Nearly 20 million new cases of sexually transmitted diseases affect people in the United States each year, according to the Centers for Disease Control and Prevention. With these highly preventable diseases often come symptoms that affect your entire body – including your mouth. Not all people who are infected will go on to have symptoms. If a person with a sexually transmitted infection (STI) develops symptoms, they are then considered to have a sexually transmitted disease (STD).
While not all STDs are curable, they are treatable. Your dentist is an important part of your healthcare team. Use this guide to learn how these infections can impact your mouth.
Please note: This content is for informational purposes only. Only a dentist, physician or other qualified health care professional can make a diagnosis. To learn more about preventing sexually transmitted diseases, visit CDC.gov
HPV: Head and Neck Cancers
The human papilloma virus (HPV) is the most common sexually transmitted disease in the United States, with 14 million new cases each year. According to the CDC, there are more than 40 types of HPV that can be sexually transmitted, but most are cleared from the body by the immune system without causing any health problems.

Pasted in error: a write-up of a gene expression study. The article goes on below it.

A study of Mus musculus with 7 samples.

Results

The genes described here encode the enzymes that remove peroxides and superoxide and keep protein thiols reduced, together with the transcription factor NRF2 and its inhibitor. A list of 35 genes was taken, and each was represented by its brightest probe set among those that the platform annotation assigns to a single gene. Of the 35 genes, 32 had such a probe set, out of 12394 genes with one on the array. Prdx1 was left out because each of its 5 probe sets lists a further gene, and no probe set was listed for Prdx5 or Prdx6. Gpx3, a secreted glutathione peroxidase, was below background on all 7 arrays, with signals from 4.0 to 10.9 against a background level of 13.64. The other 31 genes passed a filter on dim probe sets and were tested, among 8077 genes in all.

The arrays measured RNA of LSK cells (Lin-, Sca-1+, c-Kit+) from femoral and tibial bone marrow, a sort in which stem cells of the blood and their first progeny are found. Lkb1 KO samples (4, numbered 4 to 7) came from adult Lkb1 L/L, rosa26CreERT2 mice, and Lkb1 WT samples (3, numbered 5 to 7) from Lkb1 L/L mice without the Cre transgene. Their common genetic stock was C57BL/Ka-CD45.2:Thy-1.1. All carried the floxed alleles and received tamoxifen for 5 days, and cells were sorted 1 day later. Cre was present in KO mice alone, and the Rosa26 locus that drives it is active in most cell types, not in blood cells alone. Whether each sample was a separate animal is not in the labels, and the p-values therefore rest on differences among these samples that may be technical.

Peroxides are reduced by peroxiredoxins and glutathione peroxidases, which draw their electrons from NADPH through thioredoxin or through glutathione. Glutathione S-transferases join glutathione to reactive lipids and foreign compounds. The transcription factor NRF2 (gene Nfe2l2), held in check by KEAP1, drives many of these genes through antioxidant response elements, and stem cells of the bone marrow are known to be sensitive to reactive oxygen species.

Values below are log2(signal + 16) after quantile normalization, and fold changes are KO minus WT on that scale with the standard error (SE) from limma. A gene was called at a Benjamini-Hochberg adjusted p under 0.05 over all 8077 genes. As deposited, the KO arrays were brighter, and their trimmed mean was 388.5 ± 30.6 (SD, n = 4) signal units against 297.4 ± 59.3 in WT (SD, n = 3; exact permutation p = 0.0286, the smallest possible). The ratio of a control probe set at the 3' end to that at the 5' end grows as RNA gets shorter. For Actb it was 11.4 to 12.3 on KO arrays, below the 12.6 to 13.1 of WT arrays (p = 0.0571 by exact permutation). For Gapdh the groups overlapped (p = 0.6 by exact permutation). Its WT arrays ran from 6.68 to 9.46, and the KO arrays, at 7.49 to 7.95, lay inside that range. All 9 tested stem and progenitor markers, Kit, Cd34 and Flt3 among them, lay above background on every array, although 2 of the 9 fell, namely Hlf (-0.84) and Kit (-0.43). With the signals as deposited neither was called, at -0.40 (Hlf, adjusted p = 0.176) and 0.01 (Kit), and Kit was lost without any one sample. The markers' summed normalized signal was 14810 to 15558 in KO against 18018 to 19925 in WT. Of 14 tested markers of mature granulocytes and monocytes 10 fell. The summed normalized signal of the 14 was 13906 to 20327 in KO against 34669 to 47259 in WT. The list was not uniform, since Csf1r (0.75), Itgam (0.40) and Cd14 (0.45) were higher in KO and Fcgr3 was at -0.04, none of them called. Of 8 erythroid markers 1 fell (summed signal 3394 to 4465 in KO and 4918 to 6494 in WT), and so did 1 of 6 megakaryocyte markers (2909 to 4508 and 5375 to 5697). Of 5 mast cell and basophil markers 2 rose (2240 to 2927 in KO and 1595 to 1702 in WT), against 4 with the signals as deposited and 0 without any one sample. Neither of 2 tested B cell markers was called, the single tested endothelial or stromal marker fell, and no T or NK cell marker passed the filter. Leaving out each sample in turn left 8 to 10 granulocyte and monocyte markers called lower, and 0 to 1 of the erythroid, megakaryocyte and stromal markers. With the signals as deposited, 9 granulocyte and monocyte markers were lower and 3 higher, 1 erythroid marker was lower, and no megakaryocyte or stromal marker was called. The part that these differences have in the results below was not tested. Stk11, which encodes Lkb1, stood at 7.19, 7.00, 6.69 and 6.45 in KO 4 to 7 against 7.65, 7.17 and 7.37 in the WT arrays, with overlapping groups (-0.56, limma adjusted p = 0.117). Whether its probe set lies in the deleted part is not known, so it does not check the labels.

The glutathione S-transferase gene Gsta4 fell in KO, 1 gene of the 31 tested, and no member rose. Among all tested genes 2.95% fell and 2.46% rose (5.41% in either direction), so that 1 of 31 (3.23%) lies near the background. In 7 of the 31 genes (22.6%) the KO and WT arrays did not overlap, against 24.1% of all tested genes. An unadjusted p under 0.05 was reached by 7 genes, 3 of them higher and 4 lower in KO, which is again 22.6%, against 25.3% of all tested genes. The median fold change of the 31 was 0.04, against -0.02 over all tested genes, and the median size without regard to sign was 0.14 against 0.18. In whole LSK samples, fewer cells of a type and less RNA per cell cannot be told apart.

HPV can affect the mouth and throat. Some high-risk strains, particularly HPV-16, are associated with cancers of the head and neck. Approximately 9,000 cases of HPV-related head and neck cancers are diagnosed each year. The CDC states these cancers are four times more common in men than in women.
These cancers typically develop in the throat at the base of the tongue, in the folds of the tonsils or the back of the throat, making them difficult to detect. Although people with HPV-positive cancers have a lower risk of dying or having recurrence than those with HPV-negative cancers, early diagnosis is associated with the best outcomes. Regular dental check-ups that include an examination of the entire head and neck can be vital in detecting cancer early.
HPV: Mouth Warts
Low-risk strains of HPV may cause warts or lesions in your mouth or throat. Aside from their appearance, they often have no (or very few) symptoms, are painless and non-cancerous. They can reappear from time to time, and your dentist or physician may recommend having them surgically removed.